New opportunities for dialogue at the community level
Awarded to students with financial need
Aimed at reducing the amount of student loans that School of Medicine students will need to finance their education
75.8 percent of School of Medicine students receive financial aid
In his 2016 best-selling memoir Hillbilly Elegy, J.D. Vance writes about growing up in Rust Belt Ohio and visiting family in Appalachian Kentucky. Vance describes Appalachia as a stalled, store-shuttered place with dropping employment and high school graduation rates, its people plagued with addictions.
“What I really liked about #HoyasandHighlanders is that we were given tangible skills to approach difficult cultural, social, and personal situations,” says Cordelia Bell (C’20), one of eight Georgetown students who visited Radford University this summer.”
Vance’s family history is real, but what if that image was all you knew about Appalachia? What stereotypes get in the way of a deeper understanding between rural and urban Americans?
This summer, the Baker Center for Leadership & Governance at the McCourt School of Public Policy took eight undergraduates to Radford University in Radford, Virginia, nestled at the foot of the Blue Ridge Mountains in the gateway to southwestern Virginia. #HoyasAndHighlanders was a weekend of skill-building opportunities with Radford students that exemplifies the Baker Center’s mission to foster dialogue, and shows that the center can have an impact at the community level as well as the federal policy level.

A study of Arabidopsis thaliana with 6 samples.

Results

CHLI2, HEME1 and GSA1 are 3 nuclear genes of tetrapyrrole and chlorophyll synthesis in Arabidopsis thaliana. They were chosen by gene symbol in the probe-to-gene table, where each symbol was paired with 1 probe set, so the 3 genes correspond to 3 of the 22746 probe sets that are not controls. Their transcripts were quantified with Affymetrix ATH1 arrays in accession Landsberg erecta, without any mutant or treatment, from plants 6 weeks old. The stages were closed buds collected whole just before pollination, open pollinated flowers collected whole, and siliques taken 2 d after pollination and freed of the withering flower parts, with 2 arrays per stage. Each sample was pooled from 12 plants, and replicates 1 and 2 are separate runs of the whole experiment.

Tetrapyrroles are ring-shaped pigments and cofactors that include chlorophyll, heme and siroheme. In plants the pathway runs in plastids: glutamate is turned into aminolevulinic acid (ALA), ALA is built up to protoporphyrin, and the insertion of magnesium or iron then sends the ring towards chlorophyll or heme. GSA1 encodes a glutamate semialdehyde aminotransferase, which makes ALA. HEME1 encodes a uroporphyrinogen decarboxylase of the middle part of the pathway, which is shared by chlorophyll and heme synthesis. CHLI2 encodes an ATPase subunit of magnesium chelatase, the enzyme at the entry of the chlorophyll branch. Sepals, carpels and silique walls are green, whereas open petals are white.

Through programming at the center’s Georgetown Baker Negotiation Network (GBNN), students “learn to deconstruct contentious issues in a constructive way,” says Victoria Canavor, Baker Center director. “Respectful leadership involves empathy and listening,” she adds.
The weekend was made possible through current-use funds generated by a $10 million gift from Jon (C’64) and Patricia Baker to create the center in 2014.
What started as a political divide—take a look at a map of recent presidential election results—has also turned into a cultural divide, says Rachel Milner Gillers, GBNN faculty chair and Appalachia trip leader. “The rural/urban divide is incredibly complex,” she explains, and persists within Georgetown itself. “We have students who feel unable to talk with each other about timely and important issues.”
GBNN co-designed the trip with Don Martin of the U.S. Senate Select Committee on Intelligence and Professor Theresa Burriss of Radford, both natives of southwestern Virginia.
Breaking away from their opinion echo chamber, students in the program talked openly and constructively about navigating challenging conversations. Activities included role-play exercises, small-group reflections, outdoor adventures, and a visit to a local music festival.
“These students were not looking for a destination trip,” Gillers says. The application process was competitive, and the resulting group was an intentional mix of backgrounds and views.